Zebrasoma desjardinii

Zebrasoma desjardinii is one of the 7 members belonging to the genus Zebrasoma, which together with 5 additional genera make up the family of surgeonfishes (Acanthuridae) in which a total of 73 species are currently described. This species is associated with coral reefs, protected lagoons and outer reefs where it is present up to 30 meters deep. Although it is not a very abundant species, its geographic range of distribution is extensive. We can find specimens of this species in the waters of the Indian Ocean from the northern Red Sea to South Africa, and from India to the island of Java.

The body of Zebrasoma desjardinii is oval in shape, although when it extends the dorsal and anal fins it adopts a completely circular shape. They can reach up to 40 cm in total length, with males being slightly larger than females. It has a pointed rostrum with a small terminal mouth. The dorsal fin is unique and large, with 4 spines and 27-31 soft rays, while the anal fin has 3 spines and 22-24 soft rays. Both the dorsal and anal fins are higher in the rear parts. On the caudal peduncle, it has an extensible spine on each side, which they use to defend themselves from other fish.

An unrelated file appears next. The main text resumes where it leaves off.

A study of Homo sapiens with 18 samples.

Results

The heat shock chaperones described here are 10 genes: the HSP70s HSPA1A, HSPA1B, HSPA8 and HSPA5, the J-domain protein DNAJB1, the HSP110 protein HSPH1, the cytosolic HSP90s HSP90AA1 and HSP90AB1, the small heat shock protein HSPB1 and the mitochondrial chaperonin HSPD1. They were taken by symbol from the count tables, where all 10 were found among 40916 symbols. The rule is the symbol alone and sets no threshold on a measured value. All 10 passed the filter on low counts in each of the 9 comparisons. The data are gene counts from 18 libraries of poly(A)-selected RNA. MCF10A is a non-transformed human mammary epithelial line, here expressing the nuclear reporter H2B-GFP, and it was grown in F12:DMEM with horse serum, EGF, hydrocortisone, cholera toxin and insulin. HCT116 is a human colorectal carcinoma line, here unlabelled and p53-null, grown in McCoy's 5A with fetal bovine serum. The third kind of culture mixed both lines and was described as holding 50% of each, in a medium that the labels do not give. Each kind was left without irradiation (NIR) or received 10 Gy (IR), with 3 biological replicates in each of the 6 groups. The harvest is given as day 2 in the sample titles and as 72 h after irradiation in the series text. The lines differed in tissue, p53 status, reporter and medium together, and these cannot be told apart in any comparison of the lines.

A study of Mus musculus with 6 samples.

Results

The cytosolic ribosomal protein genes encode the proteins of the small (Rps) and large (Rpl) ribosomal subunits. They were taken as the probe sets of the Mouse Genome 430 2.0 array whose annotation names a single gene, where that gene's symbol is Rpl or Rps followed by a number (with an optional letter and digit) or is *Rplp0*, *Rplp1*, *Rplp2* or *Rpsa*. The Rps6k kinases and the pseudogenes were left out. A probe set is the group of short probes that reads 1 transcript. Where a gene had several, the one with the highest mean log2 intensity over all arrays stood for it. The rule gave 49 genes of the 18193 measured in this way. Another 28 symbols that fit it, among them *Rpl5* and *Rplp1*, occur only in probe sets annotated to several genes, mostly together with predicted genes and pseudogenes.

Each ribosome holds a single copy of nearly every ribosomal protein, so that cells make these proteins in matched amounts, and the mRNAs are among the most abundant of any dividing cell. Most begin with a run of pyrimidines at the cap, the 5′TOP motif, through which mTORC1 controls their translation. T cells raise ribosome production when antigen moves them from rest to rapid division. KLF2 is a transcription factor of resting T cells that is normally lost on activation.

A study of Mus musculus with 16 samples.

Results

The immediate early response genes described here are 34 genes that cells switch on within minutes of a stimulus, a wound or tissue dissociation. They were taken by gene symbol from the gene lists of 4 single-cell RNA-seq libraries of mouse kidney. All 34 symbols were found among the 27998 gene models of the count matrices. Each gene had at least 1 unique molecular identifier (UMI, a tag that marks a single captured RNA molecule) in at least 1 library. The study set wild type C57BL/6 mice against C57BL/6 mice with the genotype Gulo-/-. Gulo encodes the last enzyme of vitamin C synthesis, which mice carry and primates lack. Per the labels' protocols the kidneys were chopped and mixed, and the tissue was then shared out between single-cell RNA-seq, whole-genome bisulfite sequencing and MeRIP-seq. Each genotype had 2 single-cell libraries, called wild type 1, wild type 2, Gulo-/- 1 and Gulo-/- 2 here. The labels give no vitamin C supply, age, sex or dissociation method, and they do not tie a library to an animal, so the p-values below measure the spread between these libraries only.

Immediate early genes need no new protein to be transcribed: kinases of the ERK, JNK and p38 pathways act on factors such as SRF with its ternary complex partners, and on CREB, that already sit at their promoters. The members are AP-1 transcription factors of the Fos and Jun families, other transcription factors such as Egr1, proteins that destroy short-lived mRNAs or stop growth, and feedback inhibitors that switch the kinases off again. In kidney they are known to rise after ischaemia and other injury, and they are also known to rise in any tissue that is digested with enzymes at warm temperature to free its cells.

The coloration of Zebrasoma desjardinii can vary from one individual to another and even within the same individual, depending on age. In general, on the body there are alternating light and dark vertical stripes, the first of these over the eye, and other thin yellowish lines, which in the lower part are reduced to dots. There are also numerous white dots on the head. In the center of the caudal peduncle there is a dark colored spine surrounded by a blue area. The caudal and anal fins have a pattern of yellow lines that start horizontal and become vertical at the back.

The diet of Zebrasoma desjardinii is mostly based on plankton, and some filamentous or benthic algae, thus having a mainly herbivorous diet. However, it has been extensively and regularly documented that they can also feed on certain jellyfish (scyphozoans) and some ctenophores.

Regarding reproduction, this is a species whose reproductive cycles are linked to the lunar cycle. Reproduction usually occurs in pairs.